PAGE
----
One in ten applicants now on the short list for short film

When the news arrived, by email, that Declan’s hybrid short film and documentary project had been selected for funding by the Broadcasting Authority of Ireland, the film maker was on the balcony of a medieval building on an Umbrian hilltop. He was trying to shoot a TikTok with his smartphone for his new profile as he tried to get to grips with the social media platform. Instead of the view that he had been going to post, he made a short clip inviting actors – experienced or simply enthusiastic – to put themselves forward for the available roles in the film.  A week, and 4,500 emails later, he realised that he had bitten of more than he had bargained for.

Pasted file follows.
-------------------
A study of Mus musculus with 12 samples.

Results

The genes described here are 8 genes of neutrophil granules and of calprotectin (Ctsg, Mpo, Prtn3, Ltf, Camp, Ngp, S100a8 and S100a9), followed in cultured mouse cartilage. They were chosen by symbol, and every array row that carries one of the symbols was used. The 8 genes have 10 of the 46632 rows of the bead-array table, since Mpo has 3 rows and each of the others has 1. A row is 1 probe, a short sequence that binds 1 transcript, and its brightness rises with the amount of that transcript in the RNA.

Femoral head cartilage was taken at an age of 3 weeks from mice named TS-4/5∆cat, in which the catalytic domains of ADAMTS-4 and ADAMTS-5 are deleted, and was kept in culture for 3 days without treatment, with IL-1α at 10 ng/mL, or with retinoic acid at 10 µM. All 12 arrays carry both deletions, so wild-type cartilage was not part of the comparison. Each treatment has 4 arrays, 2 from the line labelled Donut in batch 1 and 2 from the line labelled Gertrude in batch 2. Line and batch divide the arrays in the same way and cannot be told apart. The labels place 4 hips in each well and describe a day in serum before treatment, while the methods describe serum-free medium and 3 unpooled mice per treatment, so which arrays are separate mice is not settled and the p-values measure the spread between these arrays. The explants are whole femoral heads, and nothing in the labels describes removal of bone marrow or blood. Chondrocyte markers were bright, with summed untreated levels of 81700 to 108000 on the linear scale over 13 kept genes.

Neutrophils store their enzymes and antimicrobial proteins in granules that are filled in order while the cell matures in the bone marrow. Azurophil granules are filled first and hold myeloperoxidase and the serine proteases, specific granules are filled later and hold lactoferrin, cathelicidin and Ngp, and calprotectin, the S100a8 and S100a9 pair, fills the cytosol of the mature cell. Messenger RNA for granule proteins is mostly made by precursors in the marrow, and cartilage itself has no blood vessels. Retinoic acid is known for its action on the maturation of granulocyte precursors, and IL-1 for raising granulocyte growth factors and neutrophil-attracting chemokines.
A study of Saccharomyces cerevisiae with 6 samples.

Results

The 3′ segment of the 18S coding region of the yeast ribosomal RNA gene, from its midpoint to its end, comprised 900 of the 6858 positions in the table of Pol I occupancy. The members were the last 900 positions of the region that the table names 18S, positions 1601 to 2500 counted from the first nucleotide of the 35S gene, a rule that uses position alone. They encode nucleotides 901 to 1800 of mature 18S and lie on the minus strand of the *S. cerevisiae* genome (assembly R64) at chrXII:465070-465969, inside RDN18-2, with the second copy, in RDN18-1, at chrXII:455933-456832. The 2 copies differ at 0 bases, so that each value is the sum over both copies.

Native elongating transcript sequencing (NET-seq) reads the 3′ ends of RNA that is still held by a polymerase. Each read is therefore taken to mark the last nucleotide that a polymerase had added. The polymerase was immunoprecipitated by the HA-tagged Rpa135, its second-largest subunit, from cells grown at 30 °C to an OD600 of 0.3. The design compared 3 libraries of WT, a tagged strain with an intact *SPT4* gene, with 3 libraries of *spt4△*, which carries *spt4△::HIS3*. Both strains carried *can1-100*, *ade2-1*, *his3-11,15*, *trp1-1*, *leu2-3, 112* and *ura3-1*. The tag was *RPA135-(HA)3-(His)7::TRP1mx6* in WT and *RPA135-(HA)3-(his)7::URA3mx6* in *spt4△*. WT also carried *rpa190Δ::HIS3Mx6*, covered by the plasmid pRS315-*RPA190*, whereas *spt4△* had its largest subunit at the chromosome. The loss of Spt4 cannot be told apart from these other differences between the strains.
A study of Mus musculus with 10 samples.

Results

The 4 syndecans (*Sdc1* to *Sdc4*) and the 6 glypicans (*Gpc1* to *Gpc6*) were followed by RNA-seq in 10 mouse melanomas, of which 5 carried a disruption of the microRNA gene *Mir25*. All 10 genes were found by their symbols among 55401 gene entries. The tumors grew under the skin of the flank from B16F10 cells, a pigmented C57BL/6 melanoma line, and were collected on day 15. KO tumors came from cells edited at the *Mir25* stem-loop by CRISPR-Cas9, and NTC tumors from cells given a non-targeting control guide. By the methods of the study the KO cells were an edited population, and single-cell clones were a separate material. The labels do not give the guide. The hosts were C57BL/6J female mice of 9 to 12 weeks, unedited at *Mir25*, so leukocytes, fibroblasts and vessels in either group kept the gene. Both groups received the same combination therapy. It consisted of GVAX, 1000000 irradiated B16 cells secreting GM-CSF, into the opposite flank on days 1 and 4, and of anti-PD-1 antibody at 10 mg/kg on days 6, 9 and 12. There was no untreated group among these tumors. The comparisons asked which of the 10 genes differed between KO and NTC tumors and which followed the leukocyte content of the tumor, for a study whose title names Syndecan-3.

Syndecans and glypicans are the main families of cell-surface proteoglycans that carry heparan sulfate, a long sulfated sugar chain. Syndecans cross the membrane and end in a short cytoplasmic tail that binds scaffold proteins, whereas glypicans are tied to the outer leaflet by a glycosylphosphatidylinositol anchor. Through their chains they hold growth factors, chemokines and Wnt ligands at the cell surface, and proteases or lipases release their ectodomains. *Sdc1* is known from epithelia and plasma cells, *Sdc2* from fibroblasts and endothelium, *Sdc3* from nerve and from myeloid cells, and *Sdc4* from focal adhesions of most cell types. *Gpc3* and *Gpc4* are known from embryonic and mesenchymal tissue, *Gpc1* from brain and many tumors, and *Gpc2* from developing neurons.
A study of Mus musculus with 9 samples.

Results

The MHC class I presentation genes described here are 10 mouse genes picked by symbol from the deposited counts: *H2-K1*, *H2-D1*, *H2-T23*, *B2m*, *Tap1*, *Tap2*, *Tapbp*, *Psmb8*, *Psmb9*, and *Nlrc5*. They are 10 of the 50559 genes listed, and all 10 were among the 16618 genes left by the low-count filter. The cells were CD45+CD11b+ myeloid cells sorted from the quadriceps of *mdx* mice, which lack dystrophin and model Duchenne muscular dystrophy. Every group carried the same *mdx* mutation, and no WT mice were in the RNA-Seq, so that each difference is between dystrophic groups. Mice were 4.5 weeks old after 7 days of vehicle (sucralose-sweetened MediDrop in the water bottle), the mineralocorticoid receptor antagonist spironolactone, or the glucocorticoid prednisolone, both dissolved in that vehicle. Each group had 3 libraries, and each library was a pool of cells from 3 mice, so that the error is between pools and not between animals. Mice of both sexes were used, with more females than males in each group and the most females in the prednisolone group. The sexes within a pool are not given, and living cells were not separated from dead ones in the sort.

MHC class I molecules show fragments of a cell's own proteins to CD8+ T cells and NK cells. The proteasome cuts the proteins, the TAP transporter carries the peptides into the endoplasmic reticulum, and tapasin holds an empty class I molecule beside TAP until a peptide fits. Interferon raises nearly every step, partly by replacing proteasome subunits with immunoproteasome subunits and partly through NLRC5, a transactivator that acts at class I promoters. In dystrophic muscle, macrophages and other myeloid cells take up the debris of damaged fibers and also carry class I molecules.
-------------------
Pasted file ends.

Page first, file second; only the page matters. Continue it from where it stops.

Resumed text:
Three months have passed, and the thousands have been whittled down to hundreds ahead of physical auditions.

“There are 14 speaking roles and, because the film is just 15 minutes long, they are all crucial,” explained Declan. “Most people applying for the roles have been from Ireland and the UK, but some have applied from as far as New Zealand, Chile and Kenya.”

The film sees two stories run parallel until they come together at the end. The first is that of a high-flying lesbian couple who are grappling with a first world problem that has put a strain on their relationship. The second story is more existential. A Polish man, living and working in Dublin, finds himself out of his accommodation when the kindly landlady dies, and he is at his wits end trying to find a new home.

“The film raises a number of social issues,” explained Declan, “and we’ll then have a half-hour documentary where people working in the area of those topics can inform audiences about the realities facing real people in the situations brought up in the short.